Last week I attended a sell out social media breakfast seminar organised by the Chartered Institute of PR’s Yorkshire and Lincolnshire group.
Deborah Copeland, head of online PR at Brass, had some practical advice and insights for delegates – really focussing on being as strategic online as you would be offline. It was particularly helpful to get pointers on the resources and tools available to help plan strategic campaigns and to hear her take on where we are heading with social media.
1. The trough of disillusionment – or are we heading for a social media backlash?
There is a school of thought that social media could be heading for a decline. According to Gartners ‘Hype Cycle’ model people get very excited about a new technology and think they will be left out if they don’t join in so you get a ‘peak of inflated expectations’. If they try it and don’t find it of any value you get a ‘trough of disillusionment’ and a backlash against that technology can start. Deborah recently attended a conference when this was discussed in some depth and has written a blog on the topic.
2. Know your audience and where they are
Before the team at Brass start working on digital campaigns they ‘map’ the landscape to find out where their target audience is going online.
There’s a plethora of online tools to help you with this ‘mapping’ – to find out who is using what social media and also how to measure the impact of digital campaigns. Deborah’s recommendations include
3. How does your target audience behave on line?
Global research company Forrester categorises social media audiences into six categories of participation
Each category behaves in a different way online and should influence your digital strategy. For example, younger men are more likely to ‘create’ so will happily film something for YouTube or live blog at an event. Mums are less likely to be creators so if they are your target audience don’t ask them to make an online video for a competition.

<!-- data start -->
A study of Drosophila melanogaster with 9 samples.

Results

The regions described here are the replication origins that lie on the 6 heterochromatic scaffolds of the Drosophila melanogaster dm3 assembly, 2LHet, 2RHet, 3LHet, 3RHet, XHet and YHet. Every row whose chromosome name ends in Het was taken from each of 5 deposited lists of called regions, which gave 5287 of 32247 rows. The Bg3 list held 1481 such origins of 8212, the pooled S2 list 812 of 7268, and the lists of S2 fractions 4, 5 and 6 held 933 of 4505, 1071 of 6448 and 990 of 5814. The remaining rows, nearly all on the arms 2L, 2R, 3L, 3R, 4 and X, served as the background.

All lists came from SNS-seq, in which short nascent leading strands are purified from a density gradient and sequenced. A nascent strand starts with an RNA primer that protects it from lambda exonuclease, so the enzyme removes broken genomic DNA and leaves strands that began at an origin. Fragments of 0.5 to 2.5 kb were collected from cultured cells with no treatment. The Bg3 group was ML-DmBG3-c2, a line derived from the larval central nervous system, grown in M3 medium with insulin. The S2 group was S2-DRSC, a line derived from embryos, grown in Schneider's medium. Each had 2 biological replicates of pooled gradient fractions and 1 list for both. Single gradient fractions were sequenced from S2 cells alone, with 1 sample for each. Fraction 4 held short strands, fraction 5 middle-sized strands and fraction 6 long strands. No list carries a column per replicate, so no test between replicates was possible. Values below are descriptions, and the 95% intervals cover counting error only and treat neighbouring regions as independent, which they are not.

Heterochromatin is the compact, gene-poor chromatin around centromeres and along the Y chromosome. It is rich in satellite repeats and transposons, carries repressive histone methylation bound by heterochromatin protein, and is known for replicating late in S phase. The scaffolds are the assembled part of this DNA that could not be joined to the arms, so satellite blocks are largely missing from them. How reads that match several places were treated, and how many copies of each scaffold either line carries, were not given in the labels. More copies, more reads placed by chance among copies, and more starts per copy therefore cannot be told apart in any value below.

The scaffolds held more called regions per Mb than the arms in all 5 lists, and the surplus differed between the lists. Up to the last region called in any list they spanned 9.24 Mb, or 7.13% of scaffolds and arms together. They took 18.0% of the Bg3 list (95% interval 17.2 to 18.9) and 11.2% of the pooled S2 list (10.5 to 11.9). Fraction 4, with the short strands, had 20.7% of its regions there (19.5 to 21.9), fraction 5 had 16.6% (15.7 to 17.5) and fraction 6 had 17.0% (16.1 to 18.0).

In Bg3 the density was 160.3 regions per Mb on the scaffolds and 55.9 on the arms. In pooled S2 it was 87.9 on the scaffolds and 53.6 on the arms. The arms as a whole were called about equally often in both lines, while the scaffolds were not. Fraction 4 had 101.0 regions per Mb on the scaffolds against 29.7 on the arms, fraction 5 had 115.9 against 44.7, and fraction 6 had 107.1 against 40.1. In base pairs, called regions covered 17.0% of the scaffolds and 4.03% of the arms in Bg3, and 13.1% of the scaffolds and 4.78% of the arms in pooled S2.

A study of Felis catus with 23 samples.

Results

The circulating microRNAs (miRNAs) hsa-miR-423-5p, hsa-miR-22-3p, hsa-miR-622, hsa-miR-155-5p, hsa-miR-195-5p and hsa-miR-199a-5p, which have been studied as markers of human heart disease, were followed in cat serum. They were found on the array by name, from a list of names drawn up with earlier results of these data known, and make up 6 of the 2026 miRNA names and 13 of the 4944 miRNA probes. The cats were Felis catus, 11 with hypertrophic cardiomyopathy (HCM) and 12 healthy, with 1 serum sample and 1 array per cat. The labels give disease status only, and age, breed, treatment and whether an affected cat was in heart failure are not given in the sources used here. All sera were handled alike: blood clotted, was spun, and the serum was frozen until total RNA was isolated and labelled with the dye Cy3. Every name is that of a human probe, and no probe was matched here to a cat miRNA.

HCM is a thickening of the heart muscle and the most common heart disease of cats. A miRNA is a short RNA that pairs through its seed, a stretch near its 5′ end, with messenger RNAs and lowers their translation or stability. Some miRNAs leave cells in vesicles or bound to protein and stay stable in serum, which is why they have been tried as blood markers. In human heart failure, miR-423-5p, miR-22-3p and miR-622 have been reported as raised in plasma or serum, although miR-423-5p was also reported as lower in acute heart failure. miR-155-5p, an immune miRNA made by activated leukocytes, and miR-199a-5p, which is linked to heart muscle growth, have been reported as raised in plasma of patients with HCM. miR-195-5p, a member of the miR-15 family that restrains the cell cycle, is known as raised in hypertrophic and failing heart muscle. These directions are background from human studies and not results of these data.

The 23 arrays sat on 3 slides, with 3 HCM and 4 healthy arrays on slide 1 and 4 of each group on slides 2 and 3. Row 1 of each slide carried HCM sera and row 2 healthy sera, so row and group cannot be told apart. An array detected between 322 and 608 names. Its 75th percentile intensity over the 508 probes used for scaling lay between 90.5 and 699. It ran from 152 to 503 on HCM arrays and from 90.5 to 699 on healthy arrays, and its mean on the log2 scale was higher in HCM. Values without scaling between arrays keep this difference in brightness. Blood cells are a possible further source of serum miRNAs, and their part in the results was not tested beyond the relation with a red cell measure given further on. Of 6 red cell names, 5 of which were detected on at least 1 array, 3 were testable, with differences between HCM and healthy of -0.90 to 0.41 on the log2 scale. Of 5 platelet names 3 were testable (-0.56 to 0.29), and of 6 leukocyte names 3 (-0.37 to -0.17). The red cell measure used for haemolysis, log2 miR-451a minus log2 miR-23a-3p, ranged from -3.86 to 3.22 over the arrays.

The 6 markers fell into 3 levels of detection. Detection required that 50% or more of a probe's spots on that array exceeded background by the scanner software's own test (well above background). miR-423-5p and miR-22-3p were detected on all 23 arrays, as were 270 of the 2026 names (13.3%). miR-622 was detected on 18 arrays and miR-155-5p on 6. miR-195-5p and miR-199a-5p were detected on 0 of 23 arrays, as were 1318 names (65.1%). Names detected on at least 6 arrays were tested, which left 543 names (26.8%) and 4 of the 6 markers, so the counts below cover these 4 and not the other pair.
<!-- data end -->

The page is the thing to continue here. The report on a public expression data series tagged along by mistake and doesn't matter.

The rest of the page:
4. Leave it to the ‘early adopters’
You don’t have to rush in and try out every new social network or application because it’s the flavour of the month. Deborah’s sensible advice is to leave it to the early adopters to test out what is worth using and what isn’t.
5. Don’t respond to every criticism
There are lots of people with time on their hands who use social networks and forums to complain about products and businesses – they are probably not even your customers. Unless there is a really serious complaint or factual error then it is best not to engage in an online ‘cat fight’.
6. Engage with your customers
Instead of worrying about a handful of critics, focus on your loyal customers, engage with them online and listen to their views. Facebook pages can be an excellent platform for engaging with your target audiences (but do your research first!). Ribena, one of Deborah’s clients, has 73,639 Facebook friends – demonstrating huge brand loyalty.
7. Watch what you’re saying
Deborah’s final words were a warning to watch out what you are saying online. From March 2011 the Advertising Standards Authority’s remit is being extended and will cover social networking sites Twitter and Facebook.
With only weeks left until the end of the year – and the decade – what are your predictions for new developments and changes in social media in 2011?